There is a wide selection of barrels out there today with prices that vary widely. This is true not only for the AR platform but other rifles as well. It can sometimes be difficult to wade through the specifications, so we have put together a brief summary of the common steel grades used to manufacture barrels and their best uses. In general, the old axiom of “you get what you pay for” tends to hold true in this arena.
When determining the best barrel for you it comes down to 3 basic criteria.
Carbon .5% or .4%
The ‘41’ in this value indicates the AISI-SAE numbering for Chromium-Molybdenum alloy (chrome-moly) and contain between .5% and .95% chromium and .12% to .30% Molybdenum. The second part of the number refers to the amount of carbon in tenths of a percent. A 4140 steel has .4% carbon while a 4150 has .5% carbon. The extra carbon in 4150 makes is tougher with more heat resistance, but it is more difficult to work and machine.
Metal has a crystalline structure and the small Carbon atoms find their way in-between the iron atoms when alloys are heated, strengthening the crystalline structure. By quickly cooling the heated metal the Carbon atoms are frozen in place resulting in a much stronger and harder metal. As the name implies Chrome Moly steel has chrome as part of its alloy; about 1%. This is not enough to inhibit rust, but it does increase the tensile strength when combined with Carbon to around 100,000 psi and increases the yield strength in the range of 75,000 psi after proper heat treating.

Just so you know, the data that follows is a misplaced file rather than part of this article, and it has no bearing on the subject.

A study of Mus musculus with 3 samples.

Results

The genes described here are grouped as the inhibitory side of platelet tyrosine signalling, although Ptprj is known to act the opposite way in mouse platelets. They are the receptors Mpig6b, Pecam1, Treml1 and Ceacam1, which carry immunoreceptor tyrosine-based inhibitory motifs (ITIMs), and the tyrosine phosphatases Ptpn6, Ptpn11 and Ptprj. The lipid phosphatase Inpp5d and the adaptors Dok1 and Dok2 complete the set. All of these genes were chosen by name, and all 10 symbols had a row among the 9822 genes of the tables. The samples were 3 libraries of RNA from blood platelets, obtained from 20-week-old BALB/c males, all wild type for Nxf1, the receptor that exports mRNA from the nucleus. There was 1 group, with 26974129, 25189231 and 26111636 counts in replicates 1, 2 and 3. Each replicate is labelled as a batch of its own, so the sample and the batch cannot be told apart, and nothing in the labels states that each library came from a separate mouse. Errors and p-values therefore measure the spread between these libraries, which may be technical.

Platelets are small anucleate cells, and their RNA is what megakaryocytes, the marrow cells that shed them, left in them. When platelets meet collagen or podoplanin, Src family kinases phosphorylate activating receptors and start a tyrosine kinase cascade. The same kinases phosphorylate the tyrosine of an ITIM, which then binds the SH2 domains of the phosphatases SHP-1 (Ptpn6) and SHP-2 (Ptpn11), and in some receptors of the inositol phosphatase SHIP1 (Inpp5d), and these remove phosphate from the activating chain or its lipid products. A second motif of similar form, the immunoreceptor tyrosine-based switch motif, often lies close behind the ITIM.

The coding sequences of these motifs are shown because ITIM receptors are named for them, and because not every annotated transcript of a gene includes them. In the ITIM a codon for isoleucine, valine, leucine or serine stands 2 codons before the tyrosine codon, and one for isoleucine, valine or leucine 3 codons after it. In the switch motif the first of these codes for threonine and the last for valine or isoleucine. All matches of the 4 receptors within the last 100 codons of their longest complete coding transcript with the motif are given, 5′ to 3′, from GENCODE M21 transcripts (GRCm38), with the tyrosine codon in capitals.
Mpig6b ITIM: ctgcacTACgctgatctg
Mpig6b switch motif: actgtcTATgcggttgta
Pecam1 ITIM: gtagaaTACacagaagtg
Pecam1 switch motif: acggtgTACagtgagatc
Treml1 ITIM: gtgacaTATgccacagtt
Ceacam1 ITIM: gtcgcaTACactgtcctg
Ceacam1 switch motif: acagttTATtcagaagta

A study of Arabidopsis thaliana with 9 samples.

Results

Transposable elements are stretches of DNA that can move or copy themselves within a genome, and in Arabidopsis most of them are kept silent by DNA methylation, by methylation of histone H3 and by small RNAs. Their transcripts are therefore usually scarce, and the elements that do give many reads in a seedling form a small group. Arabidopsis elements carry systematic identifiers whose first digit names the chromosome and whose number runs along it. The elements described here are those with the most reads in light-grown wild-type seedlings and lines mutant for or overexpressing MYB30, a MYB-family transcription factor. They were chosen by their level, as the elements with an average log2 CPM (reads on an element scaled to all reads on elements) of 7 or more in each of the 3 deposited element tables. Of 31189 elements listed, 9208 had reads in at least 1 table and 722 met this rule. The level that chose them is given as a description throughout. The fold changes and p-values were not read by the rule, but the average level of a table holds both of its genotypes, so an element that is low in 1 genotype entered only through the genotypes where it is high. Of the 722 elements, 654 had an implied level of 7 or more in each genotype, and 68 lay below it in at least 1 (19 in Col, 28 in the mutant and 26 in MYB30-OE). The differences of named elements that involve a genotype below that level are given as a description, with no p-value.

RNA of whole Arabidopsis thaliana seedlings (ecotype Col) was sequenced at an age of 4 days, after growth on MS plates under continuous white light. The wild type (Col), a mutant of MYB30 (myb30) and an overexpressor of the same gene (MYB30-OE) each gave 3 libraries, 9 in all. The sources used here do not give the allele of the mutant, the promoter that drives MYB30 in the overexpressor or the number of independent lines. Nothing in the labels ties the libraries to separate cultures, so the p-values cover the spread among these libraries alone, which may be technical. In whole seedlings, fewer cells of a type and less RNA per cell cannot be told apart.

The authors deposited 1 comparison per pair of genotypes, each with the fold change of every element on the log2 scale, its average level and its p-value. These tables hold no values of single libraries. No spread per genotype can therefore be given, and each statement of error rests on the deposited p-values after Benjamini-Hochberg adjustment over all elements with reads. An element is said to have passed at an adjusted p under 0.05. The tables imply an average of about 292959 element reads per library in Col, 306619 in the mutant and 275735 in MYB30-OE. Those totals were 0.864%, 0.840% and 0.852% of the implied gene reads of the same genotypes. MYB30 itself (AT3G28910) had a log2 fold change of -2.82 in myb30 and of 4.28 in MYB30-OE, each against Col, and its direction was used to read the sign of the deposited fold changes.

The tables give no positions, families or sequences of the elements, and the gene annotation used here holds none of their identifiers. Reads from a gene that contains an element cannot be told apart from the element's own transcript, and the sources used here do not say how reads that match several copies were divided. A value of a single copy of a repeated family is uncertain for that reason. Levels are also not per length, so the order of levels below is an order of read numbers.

A 4150 steel is a mil-spec material for barrels while a 4140 steel is not. It is, however, cheaper to buy 4140 steel so you will see some barrels made from this material. Will they work – yes, will they last as many rounds or stand up to high heat like 4150 will – no.
Stainless Steel 416 & 416R
Stainless Steel is designed for corrosion resistance with a much higher content of Chrome than regular steels. This Chromium forms a passive film of Chromium Oxide about the outer surface which prevents corrosion by blocking oxygen diffusion at the surface and preventing its spread into the internal structure of the metal. Tensile strength of 416 Stainless falls into the 75,000 psi range and its yield is 40,000 psi which is significantly under 4150 steel. What is loses in hardness it gain in machinability. The structure of 416 lends itself to machining much better with a vastly improved surface finish. This, in turn, allows it to take a better cut in the machining process creating higher definition rifling, crowns, and chambers. 416-R stainless has reduced barrel life compared to 4150 but will stay more accurate over its usable life.
One thing to watch for is barrels made with 416 stainless vs 416R stainless. Common 416 gets brittle at freezing temperatures while 416R is formulated to function in arctic conditions down to -40 F.
At the end of the day if you want a barrel to stand up to wear and tear and last as long as possible go with 4150. If you are shooting competitively, either in competitions or simply in competition with yourself, go with 416R. You will find cheap barrels on the internet and be tempted to ‘get a good deal’, however, I would strongly suggest you research the how the barrels are made and of what material. At Right To Bear, Arms Co we only use barrels made from 4150 or 416R steel. In addition, our barrels get a QPQ salt bath nitrocarburization resulting in a stronger, longer lasting surface finish.